NSA Executive Explains Logistics of Possible Cyber Command Split

If the National Security Agency and Cyber Command were to split, NSA Executive Director Corin Stone explained that any disagreements between the agencies would be decided by the secretary of defense and the director of national intelligence, to ensure fair judgment.

There have been conflicting opinions on the decision on whether to split the NSA from U.S. Cyber Command, which have traditionally operated as separate agencies under a dual-hat system with the same head. Stone said that Cyber Command is tasked with protecting Department of Defense networks, and the NSA conducts foreign signals intelligence and protects other national security systems, which are already separate jobs.

Corin Stone is executive director of the National Security Agency. (Photo: NSA.gov)

“If the dual hat splits, it won’t make a huge difference, frankly,” Stone said in the Steptoe Cyberlaw Podcast last week.

Stewart Baker, former National Security Agency general counsel and partner at Steptoe & Johnson, questioned what would happen if the two agencies disagreed on a course of action. For example, how would the situation be resolved if Cyber Command wanted to take down an enemy’s network but the NSA wanted it to remain open because it was collecting useful intelligence information from the network.

“It makes it more sensible to have a civilian head,” Baker said, referring to the current head of both the NSA and Cyber Command, Adm. Michael Rogers.

Baker said that it would be unfair if the military branch, Cyber Command, received more authority from a leader with a military background.

Stone said that this wouldn’t be the case because in the event of a disagreement between the different agencies, the two would voice their reasoning to the secretary of defense and the director of national intelligence, who would then make a decision together.

The NSA is also trying to monitor what information goes in and out of the agency without alienating employees.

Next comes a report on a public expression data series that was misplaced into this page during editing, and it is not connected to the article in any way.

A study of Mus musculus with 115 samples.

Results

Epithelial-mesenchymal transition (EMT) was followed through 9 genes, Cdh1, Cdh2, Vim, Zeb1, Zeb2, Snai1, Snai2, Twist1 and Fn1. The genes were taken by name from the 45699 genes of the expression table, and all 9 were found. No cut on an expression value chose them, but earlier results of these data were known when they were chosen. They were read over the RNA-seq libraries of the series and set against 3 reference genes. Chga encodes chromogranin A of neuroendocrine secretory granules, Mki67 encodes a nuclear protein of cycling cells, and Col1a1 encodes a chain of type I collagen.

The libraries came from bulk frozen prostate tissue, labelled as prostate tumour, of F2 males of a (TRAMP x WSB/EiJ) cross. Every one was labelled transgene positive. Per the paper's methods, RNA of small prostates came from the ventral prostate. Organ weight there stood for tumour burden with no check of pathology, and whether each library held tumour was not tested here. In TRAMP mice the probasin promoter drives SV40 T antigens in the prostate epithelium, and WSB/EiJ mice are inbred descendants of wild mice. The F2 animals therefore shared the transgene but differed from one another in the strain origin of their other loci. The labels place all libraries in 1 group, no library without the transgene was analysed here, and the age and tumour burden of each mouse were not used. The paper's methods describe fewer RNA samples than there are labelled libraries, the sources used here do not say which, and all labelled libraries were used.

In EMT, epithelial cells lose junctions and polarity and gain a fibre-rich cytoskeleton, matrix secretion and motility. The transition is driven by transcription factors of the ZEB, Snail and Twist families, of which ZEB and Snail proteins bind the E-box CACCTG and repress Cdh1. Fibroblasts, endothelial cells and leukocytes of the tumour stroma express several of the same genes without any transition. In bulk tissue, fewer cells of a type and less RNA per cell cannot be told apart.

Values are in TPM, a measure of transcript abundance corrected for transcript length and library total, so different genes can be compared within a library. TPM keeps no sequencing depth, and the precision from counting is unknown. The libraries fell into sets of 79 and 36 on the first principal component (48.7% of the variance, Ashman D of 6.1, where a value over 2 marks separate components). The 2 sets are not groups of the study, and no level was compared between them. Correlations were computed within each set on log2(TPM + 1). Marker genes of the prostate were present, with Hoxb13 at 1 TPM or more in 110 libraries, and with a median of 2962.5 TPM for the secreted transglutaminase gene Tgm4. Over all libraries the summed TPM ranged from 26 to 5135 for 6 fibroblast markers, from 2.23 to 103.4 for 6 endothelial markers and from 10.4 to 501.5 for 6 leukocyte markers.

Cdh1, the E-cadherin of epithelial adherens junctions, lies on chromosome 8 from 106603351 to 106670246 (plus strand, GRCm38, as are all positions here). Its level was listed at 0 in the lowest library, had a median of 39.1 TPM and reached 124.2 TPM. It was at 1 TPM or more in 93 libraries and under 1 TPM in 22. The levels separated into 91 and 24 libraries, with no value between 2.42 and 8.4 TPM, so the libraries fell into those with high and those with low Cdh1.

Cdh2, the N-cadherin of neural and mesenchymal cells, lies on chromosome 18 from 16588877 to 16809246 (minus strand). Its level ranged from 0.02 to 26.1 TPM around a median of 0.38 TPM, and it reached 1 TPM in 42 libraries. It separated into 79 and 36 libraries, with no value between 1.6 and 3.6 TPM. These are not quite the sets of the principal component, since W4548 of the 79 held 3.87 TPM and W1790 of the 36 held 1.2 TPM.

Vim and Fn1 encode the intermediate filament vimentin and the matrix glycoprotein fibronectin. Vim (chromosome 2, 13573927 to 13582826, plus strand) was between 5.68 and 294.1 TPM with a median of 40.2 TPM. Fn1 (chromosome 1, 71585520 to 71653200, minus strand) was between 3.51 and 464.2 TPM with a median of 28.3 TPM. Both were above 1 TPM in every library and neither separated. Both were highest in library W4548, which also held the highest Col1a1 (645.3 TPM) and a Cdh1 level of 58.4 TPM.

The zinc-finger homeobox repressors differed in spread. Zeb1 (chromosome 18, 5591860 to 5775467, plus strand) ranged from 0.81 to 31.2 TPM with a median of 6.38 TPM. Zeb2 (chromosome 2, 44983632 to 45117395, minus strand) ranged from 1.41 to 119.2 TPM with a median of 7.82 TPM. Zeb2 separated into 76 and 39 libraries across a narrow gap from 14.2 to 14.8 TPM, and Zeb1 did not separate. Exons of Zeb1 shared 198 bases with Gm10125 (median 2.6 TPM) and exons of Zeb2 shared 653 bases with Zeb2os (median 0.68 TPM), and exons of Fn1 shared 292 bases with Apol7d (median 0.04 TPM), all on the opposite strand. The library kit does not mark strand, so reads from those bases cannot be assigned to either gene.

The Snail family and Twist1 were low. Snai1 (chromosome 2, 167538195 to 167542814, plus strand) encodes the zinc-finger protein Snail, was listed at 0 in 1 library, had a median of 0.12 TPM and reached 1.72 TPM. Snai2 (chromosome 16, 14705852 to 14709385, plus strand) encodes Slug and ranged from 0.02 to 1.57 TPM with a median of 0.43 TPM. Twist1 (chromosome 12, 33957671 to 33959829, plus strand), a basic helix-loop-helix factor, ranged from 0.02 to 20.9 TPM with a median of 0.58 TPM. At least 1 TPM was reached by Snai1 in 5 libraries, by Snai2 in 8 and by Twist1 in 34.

The NSA has suffered from security leaks due to employees Edward Snowden and Harold Martin, which has forced the agency to focus more on what data is leaving Fort Meade. The NSA has also had to consider intimidating its trustworthy employees during the dip in morale following these security leaks.

“It’s about defeating the enemy and making sure we’re not doing anything to enable [them],” Stone said.

Snowden and Martin, both NSA contractors, were charged with stealing classified government information. Stone said that monitoring the movement of information has become more difficult with the use of flash drives and other technology that makes data mobile.

“Any leaks, any unauthorized disclosures has an impact on morale,” Stone said. “We’ve got a dedicated workforce. They’re extremely sophisticated technical experts working very long hours on tough, tough problems, sometimes for years at a time and when someone is a peer or a colleague or someone they knew or someone they didn’t know decides to break trust with the U.S. government, with the American people, and with their peers and colleagues, that’s something that does deal a blow to morale.”

Stone said that there has to be some layer of trust between the agency and employees because carrying flash drives has become commonplace and the agency can’t inspect every one. Stone also said that the employees at NSA especially care about protecting citizen information.

The NSA is also working to increase transparency following these leaks by encouraging employees to discuss its mission with the public to be less of a mystery. This method also helps with hostile audiences, according to Baker.

“If somebody is standing there and they’re talking like you, and they sound like you, and they’re just an ordinary person like you, it’s hard to hate them,” Stewart said.

The NSA’s current organizational system, which was revamped in 2016 under the name NSA21, integrates offensive and defensive cyber operations. Stone said that she believes that the focus on each side is balanced and allows the agency to tackle threats faster.

“We have already seen more agility based on that integration,” Stone said.

NSA has updated its goals in other ways, including fostering creativity and providing more support to its personnel throughout their careers. Stone said that the NSA has been supporting its employees by focusing on diversity efforts.

The NSA runs free GenCyber camps for students from elementary through high school to learn about cybersecurity. The NSA has also been reaching out to students at Historically Black Colleges, such as Morgan State University and Howard University, to consider careers at the agency.

Stewart said that the NSA already has some level of diversity because of the many different military and civilian backgrounds of its employees. Stone said there was more that could be done, but agreed in that respect.

“We do have a level of diversity that’s extraordinary,” Stone said.

 

 

 

One Comment
  1. Anonymous | - Reply
    Glad to see there's constructive debate on this matter. Stewart Baker's question and example warrants logical debate and consideration. To quote Baker's what-if scenario, "For example, how would the situation be resolved if Cyber Command wanted to take down an enemy’s network but the NSA wanted it to remain open because it was collecting useful intelligence information from the network.", this represents a the most logical example for such prudence.